My First Quest for Gold

Catching the fever

There's nothing like finding your first nugget


Above, a nice day working a crack

All of us at one time or another were stricken with the fever, gold fever. Like the name says, it really is a fever, or more like a passion. Once you get it it's hard to cure.

There's nothing to compare to uncovering an untouched crevice, watching the clay and gravel being removed and seeing the gleaming gold nuggets wedged in the crevice. The gold was deposited in this crevice millions of years ago, untouched by man and waiting for you to make the lucky discovery.

I have dredged and mined for about 35 years. Some summers were good, others were not. I work as hard as anyone, winching boulders out of the way, working late in the day until the sun fades behind the ridge top. In July and August I find hyself hiking out of the canyon at dusk, sometimes with a flashlight.

Here I am counting the months until I can get back in the water. I most definitely have the fever again, and there's only one cure. This wasn't something I was born with, I contracted it.

I can look back and laught about my first experience looking for gold. I was in high school and a friend and his dad had a claim on the North Fork of the Yuba in Sierra County about 2 miles below Indian Valley and above Canyon Creek. Even though I was born and raised in California, I had never been to Sierra County, the place I now call my second home. The first time I went with my friend I watched them us a small dredge and recover some nice pickers off the bedrock. The second trip I was prepared. I bought a used wetsuit and booties, hood, mask and snorkel and I was ready to find gold!

The memory seems like a fog. It was over 35 years ago. I was determined to find gold. I can remember being in the water for only 1/2 an hour and I had already covered the bottom of a one ounce vile. This gold finding sure was easy, all you had to do is pick it up. I worked a while longer and finally left the water and my rich streak.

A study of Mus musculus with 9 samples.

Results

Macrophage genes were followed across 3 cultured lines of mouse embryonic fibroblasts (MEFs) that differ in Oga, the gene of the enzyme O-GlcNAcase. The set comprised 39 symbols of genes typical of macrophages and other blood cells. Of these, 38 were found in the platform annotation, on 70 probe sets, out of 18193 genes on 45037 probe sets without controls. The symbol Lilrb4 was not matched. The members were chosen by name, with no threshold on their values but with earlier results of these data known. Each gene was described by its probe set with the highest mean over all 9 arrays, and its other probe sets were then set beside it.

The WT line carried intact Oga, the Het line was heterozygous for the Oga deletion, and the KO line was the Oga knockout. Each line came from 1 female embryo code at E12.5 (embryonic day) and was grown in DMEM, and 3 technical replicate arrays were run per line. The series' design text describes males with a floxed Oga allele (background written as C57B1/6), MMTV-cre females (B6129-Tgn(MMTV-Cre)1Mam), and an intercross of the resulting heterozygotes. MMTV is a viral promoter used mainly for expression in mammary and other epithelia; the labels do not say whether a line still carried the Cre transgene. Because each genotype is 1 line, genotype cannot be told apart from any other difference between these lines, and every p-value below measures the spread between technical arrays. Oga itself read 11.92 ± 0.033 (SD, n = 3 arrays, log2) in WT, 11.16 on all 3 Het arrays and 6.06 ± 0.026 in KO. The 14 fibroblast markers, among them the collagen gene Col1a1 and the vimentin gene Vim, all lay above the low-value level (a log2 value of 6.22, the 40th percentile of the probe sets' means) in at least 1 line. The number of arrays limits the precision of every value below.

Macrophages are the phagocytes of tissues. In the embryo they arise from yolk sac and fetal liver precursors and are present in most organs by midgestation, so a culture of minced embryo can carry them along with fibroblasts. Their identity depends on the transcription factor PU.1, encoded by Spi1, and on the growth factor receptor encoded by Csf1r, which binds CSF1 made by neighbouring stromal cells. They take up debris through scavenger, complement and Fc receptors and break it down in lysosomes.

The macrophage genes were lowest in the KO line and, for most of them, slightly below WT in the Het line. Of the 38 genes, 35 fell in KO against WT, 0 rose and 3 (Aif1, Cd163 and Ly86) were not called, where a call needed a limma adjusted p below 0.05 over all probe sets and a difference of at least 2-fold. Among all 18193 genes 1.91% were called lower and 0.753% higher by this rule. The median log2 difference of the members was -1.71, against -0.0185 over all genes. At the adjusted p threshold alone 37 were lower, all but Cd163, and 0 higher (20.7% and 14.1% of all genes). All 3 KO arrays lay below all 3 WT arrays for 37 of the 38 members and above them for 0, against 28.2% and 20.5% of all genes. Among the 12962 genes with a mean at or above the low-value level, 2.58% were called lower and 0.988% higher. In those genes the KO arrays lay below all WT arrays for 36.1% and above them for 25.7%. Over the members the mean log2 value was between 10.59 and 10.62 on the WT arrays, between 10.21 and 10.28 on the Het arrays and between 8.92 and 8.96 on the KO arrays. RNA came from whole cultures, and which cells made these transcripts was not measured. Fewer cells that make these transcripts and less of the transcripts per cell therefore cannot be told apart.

I showed my friend thinking he would be as excited as I was and boy was I proud, I was the best gold finder ever. Then the look on his face broke into a big grin and a laugh. Yeah, my gold was mica and I felt like the biggest fool on the river. Needless to say I learned quick.

I often think of that day when I bring friends of my kids to the claim and teach them to pan for gold. The first thing I do is put a flake in the pan for them. Once you have seen gold there is no mistaking it. The glitter of gold has a magic attraction.

Gold is where you find it. The old timers were good at what they did, afterall they had to eat. I have been 25 feet under water, through 12 feet of overburden just knowing I'd strike it rich only to find rough hewn lumber laying on the bedrock.

Sometimes I sit on the bank and wonder what it was like in the 1850's, and how they managed to get that deep in the river without all the stuff we have. For what they had back then they were really good, tough and persistent.

I'm not the kind of prospector who jumps around looking for paystreaks. Each year I patiently start up where I left off the year before, working upstream, one side of the river, then the other. One summer my partner and I found one of those untouched crevices. It was small, but that day I knew what the old timers meant when they would should "Eurkeka."

It was a fairly small crevice, but it was just packed with gold. We pulled nine ounces of that small crevice and the majority of it was either pickers or small nuggets.

It's an incredible site to see an untouched crevice. This crevice was in a steep section of bedrock slanting down into the deep hole where I found the rough cut lumber.

They must have missed this crack on their way to the bottom of what must have been a glory hole. I can only imagine what they found if this one lonely crack still held 9 ounces.

Over the years if there is one thing I've learned, it is dig, scratch, scrape and wash. From my first day of collecting fools gold, I have learned gold will work itself into places where there are no places. Every hairline crack in the bedrock opens up during a big flood. They open just wide enough for the gold to drop in, then close back up when the water pressure drops.


Above, the results of cleaning a previously worked crevice.

I have also found crevices which were cleaned out, only to find more gold they missed. I just dig deeper and I'm more thorough. Sometimes I find some really nice nuggets. A garden hose is a must for cleaning out these crevices.

After doing this for 35 years I can tell you there is still a lot of gold out there waiting for you. It's rarely easy, always an experience. One day you too will jump from the water and shout "Eureka!"